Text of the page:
Inter’s elimination from the Champions League at the hands of Liverpool has once again raised the question as to why Italian clubs continue to come up empty in Europe, despite the Nerazzurri winning at Anfield.
Simone Inzaghi’s team bowed out of Europe’s top club competition 2-1 on aggregate, although taking the scalp of the Reds in their own backyard – Liverpool’s first home loss in a year and a day – after Lautaro Martinez’s spectacular goal sealed a 1-0 win on the night.
So, that begs the question of what exactly is going wrong? A historical first Anfield win against perhaps one of the greatest Liverpool sides of all time leaves Inzaghi’s men going out with heads held high, but why wasn’t it enough?
Evidently, the Premier League and the Reds above all are renowned for their high-intensity, all-action style that normally suffocates opponents, but Inter did their very best to play them at their own game in both legs.
It’s a testament to Inter that they were arguably the best side the first halves of both ties, limiting Klopp’s men to a total of one shot on target across both. In fact, Inter almost played Liverpool at their own game in limiting the English team to little time on the ball and it was working up until a point.
It seems as though the well-drilled Reds ran out of fitness as they took majority control of the second half in both legs, with Inter clearly running out of steam, so is that what’s letting Italian sides down? Is it the notoriously slower nature of the domestic game and the lack of a need to bust a gut for 90 minutes in Serie A on a weekly basis?
Granted, Liverpool created lots of chances of their own when in possession and even hit the woodwork three times on the night at Anfield, but the Nerazzurri can be proud of having taken a step toward competing, and beating, the very best in Europe.
Maybe then, the key is to take such a style into Serie A and to adopt it on a weekly basis in order to ensure an overall, high level of fitness and thus to be ready and raring to go when Europe next comes around. The signs were there but Inter jaded as the Reds kept on going, and going, and going.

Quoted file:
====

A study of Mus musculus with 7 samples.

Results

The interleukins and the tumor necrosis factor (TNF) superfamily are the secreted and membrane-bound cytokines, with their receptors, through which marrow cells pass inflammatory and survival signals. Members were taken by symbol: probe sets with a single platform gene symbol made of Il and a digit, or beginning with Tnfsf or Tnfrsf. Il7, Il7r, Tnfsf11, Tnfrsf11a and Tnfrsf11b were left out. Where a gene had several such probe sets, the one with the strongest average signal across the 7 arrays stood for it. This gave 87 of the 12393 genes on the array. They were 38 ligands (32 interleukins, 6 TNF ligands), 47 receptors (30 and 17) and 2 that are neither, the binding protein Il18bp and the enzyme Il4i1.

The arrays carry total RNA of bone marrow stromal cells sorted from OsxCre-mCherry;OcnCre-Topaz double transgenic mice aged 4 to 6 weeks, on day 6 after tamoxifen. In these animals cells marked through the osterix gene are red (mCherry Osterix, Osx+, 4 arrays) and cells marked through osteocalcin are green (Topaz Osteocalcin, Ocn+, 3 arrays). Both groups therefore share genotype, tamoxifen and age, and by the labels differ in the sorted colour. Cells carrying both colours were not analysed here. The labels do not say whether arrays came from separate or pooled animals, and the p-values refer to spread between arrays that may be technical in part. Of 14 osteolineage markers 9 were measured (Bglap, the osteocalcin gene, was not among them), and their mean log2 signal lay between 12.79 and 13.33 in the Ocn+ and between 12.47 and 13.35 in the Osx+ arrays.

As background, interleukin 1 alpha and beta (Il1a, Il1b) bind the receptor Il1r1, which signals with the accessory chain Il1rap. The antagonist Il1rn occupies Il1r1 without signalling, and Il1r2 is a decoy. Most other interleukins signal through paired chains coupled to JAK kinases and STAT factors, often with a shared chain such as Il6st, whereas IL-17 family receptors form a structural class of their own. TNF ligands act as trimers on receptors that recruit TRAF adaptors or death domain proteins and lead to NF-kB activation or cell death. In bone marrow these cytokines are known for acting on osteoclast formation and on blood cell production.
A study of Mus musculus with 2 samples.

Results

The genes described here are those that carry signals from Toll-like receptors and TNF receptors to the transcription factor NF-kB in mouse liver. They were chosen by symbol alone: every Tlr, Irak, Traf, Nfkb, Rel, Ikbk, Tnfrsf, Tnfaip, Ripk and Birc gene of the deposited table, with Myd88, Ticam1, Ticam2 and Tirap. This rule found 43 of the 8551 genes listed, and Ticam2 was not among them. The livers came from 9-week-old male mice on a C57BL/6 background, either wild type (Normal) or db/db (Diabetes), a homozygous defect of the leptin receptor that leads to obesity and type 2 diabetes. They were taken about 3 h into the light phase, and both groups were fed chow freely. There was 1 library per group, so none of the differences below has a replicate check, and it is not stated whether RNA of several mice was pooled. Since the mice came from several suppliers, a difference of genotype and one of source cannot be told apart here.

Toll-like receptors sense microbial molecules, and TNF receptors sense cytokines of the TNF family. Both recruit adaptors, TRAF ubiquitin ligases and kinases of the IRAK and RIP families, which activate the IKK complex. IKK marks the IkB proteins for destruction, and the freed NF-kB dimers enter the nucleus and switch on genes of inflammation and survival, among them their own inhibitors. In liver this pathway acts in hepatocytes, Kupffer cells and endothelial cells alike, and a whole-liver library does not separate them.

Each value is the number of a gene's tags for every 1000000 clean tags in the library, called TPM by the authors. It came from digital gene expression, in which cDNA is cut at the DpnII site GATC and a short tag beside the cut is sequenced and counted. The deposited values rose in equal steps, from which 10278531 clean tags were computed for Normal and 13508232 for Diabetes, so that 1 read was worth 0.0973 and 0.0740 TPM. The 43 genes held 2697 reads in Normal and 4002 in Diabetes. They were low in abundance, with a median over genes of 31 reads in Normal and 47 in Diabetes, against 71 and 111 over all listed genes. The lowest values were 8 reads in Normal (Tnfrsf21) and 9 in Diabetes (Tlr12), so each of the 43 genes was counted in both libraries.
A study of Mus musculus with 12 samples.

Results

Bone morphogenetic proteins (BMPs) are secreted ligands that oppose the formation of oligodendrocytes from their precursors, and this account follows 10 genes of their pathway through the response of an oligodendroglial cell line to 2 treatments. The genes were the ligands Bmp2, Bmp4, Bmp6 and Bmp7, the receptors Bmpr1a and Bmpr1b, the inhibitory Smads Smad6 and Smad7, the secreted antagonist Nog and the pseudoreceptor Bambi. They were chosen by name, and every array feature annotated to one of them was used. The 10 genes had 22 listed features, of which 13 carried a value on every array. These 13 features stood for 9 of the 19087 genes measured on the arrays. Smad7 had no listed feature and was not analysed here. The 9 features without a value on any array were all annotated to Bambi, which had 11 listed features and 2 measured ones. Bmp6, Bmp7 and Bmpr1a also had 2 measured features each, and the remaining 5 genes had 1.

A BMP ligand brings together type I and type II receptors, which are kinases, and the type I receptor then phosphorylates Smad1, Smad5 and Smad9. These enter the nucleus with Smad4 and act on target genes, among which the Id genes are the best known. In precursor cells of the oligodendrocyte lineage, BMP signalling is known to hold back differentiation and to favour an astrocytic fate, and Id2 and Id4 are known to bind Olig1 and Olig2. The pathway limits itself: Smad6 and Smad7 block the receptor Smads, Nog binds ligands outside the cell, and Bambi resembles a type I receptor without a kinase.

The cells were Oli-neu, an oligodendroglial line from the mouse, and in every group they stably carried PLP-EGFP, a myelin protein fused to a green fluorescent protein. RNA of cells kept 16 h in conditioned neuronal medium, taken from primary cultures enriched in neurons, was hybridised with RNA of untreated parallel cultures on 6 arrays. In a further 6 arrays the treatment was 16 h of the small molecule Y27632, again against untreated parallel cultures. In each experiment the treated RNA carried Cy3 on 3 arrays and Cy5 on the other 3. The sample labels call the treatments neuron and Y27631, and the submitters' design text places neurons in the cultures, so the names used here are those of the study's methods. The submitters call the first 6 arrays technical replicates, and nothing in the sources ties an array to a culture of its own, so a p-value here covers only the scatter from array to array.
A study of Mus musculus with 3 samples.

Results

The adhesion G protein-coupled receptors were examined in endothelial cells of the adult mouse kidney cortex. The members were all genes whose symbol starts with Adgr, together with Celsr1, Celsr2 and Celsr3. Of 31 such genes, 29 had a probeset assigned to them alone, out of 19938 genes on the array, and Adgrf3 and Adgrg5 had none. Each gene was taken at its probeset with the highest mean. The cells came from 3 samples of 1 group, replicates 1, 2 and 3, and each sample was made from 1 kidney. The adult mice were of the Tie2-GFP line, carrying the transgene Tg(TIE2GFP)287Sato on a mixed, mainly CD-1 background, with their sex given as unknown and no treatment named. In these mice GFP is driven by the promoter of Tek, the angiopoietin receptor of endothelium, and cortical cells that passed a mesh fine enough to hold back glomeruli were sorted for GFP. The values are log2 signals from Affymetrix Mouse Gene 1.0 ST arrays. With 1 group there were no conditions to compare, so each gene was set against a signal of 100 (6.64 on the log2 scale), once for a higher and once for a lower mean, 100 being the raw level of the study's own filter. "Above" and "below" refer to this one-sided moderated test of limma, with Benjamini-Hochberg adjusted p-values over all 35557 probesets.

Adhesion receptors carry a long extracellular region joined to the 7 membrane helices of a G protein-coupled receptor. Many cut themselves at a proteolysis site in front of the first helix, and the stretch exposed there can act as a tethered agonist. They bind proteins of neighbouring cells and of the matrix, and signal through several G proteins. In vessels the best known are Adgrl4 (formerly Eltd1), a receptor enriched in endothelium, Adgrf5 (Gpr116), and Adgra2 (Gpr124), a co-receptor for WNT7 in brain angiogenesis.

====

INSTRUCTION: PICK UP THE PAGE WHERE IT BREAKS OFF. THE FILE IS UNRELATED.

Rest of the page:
Flying the flag for Serie A on three fronts
As mentioned above, Juventus, Atalanta, and Roma are now the ones left in with a chance of bringing European silverware back to Italy for the first time in over a decade, but what are their chances?
It’s been well documented that the Bianconeri have somewhat fallen from grace this season, or had done before a mini-revival, so do they have what it takes to compete on all fronts, considering that they have dragged themselves back into the race for the Scudetto, more or less?
Massimiliano Allegri’s team head into the second leg with Villareal, at the Allianz Stadium, on March 16 having taken a 1-1 draw from the Estadio de La Ceramica thanks to Dusan Vlahovic’s Champions League debut goal after just 33 seconds.
Their La Liga counterparts aren’t noted for having the same intensity as the likes of Liverpool, so therefore such intensity isn’t required from the Bianconeri, but could come in handy if they want to overwhelm their Spanish visitors.
Such pressure, however, is usually applied by another of Italy’s European survivors – Atalanta – who have become known for their almost un-Italian style over the last few seasons thanks to the work of Gian Piero Gasperini, and they’ll likely need to be at their free-flowing best for their two-legged last-16 Europe League matchup with Bayer Leverkusen.
The Bundesliga side are 3rd in their standings and managed an impressive 64 goals in 25 league games -the same as Borussia Dortmund – but encouragingly for La Dea have leaked 40 goals, which is the most in the top half of the German top-flight.
In fact, there are only five teams in Bundesliga with a worse defensive record, and on top of that, the Germans are without top scorer, and former Sampdoria and Roma striker, Patrick Schick due to a calf tear. An eventual win in this competition – not to jinx Atalanta – would be the first Italian success since Parma lifted the formerly named UEFA Cup in 1998/99.
Moving on to the newly-formed Europa Conference League and Roma – who face the Eredevisie’s Vitesse – away from home in their first-leg game. The Dutch side are 7th and don’t seem to be so impressive. Thomas Letsch’s side recently went through a five-match losing streak in which they conceded 18 goals and were on the end of two consecutive 5-0 pummelings.
Jose Mourinho’s side are unbeaten in their last seven Serie A games and go into the game after beating La Dea 1-0 last time out. A win against the Dutch would set up a quarter-final with the winner of POAK vs KAA Gent and a potential semi-final meeting with 2015/16 Premier League champions, Leicester.
It remains to be seen if there will even be one Serie A team in the next rounds of Europe’s club competitions, but Inter’s Anfield win should be an inspiration for all those who are left standing.
A high-octane, no-holds-barred style has seen two all-English finals in the last three seasons of the Champions League alone, leading to the reinforcement of the view among many that it is the best domestic competition in the world. So, as the saying goes: if you can’t beat them, join them.